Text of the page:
The initial start to finding your roots begins with you. Most likely, you know your own birthdate. You probably know your parents birthdates and places of birth. Take that as the leaping pad into your journey.
I started with Ancestry.com. Yes, I pay for it. But they also offer a free two-week trial. For me, the fee is incredibly worth it. Second Snack gives a great review of his experience. I find the site incredibly user friendly, and from what I can tell, Ancestry.com adds more and more resources all the time. Also, when you type in a name of an ancestor, these little leaves start to appear next to the person's name. For me, these little hints cause an almost addictive kind of thrill where you have to keep searching and searching until you find out more and more answers (and more and more questions.) Be prepared to be in front of the computer for a long time; the first time I researched, I stayed in the same chair for five hours without moving.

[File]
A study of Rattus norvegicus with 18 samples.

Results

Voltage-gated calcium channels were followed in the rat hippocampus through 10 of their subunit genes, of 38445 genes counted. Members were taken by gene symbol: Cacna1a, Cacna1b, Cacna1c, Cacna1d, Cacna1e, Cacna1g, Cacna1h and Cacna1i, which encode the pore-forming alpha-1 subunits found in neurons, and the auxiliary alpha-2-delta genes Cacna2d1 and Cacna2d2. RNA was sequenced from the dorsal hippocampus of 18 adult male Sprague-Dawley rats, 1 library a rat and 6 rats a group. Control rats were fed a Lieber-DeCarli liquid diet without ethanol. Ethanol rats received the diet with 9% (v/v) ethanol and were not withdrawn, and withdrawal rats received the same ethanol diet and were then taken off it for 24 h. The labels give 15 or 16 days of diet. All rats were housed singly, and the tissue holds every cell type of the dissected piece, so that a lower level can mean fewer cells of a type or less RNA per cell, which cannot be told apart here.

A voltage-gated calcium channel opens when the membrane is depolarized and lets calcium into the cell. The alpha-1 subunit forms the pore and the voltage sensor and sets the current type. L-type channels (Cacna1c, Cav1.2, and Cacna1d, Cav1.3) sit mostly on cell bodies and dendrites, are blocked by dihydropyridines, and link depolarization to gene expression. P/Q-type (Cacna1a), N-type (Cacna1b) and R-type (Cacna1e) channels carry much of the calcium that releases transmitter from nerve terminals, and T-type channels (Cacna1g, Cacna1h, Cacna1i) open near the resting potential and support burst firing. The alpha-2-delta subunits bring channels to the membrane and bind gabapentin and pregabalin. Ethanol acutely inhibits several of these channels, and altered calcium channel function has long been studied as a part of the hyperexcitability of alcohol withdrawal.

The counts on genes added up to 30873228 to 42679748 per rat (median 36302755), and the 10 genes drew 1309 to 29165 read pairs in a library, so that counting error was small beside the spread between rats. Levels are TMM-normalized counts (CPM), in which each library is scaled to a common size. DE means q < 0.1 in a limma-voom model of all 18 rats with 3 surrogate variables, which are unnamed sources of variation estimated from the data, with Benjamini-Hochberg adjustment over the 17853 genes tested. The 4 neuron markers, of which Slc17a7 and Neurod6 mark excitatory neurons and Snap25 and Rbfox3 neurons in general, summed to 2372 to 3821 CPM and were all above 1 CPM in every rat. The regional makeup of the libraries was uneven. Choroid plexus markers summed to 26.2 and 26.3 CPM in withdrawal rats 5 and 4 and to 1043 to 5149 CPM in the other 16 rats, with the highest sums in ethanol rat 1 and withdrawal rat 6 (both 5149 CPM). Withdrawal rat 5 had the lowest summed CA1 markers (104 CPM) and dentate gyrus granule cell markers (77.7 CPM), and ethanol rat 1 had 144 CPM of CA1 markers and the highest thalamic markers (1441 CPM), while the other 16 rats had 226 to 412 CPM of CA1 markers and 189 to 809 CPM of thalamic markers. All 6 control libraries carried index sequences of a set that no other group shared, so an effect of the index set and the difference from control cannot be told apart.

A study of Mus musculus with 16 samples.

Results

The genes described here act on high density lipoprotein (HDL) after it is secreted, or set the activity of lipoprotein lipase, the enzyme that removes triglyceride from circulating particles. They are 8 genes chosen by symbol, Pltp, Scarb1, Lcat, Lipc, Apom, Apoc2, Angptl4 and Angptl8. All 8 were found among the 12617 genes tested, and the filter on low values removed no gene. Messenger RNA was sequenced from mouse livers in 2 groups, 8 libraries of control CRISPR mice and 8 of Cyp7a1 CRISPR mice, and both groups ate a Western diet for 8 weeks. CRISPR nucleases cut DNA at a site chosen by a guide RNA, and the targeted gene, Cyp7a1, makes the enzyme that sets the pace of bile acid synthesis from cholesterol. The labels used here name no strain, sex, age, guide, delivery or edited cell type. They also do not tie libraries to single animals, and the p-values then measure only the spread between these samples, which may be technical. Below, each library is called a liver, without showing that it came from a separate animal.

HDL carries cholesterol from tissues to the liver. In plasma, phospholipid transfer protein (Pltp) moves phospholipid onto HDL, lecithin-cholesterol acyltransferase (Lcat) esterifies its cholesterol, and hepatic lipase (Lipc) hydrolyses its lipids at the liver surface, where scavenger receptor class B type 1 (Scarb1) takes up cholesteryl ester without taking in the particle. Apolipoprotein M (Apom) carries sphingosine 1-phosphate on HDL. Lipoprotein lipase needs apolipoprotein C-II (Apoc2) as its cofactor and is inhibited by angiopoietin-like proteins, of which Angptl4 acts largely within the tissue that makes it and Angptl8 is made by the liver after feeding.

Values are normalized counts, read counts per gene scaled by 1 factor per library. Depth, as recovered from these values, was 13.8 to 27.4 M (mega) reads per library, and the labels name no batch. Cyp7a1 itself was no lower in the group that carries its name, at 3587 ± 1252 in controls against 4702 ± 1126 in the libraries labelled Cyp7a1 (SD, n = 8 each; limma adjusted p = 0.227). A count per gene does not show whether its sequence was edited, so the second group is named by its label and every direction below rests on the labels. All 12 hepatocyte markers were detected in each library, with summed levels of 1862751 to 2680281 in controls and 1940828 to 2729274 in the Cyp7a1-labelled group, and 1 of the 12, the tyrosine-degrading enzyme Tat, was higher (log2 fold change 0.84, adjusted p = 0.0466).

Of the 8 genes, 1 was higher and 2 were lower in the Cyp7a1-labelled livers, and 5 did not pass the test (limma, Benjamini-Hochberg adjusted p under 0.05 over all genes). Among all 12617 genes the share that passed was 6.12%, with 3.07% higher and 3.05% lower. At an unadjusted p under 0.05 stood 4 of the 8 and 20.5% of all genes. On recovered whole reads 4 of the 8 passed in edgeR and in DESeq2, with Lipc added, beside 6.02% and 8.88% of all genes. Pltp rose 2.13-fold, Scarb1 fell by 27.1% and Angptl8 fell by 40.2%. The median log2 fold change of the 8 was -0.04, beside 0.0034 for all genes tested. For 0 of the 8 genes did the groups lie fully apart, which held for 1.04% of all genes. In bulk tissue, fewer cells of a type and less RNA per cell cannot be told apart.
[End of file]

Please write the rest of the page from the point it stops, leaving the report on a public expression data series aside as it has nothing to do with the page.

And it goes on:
Family Search is another site I recommend. And it's free! You can begin searching for your ancestors on their search page found here. On thing I really like about Family Search is you can begin your journey by narrowing down your search by country and then by state. (You can find this as you scroll down on their main search page.) I found a lot about my grandmother's family in Tennessee by searching on the state's marriage records.
Many people have misconceptions about starting their family tree because they either don't know where to start, or they feel they already know a lot. Jessie McKinley wrote a great article for Family Share about the misconceptions that can come with researching. Even if you think your great aunt already researched everything you need to know, I guarantee you technological advances have given you even more gems and more avenues of research.
One thing to beware of while you're searching, especially on Ancestry.com: those little leaf hints can link to family trees already established on the site. Not all of the information on these family trees has been verified. It can be incredibly addictive and exciting to take your tree back further and further, but all this information must be verified through records and other established sources. I have a friend who was tracing her tree through another member's tree that claimed (highly unlikely) that Merlin was her ancestor. So just be cautious. Even if Merlin isn't your ancestor, you will find amazing, life changing things.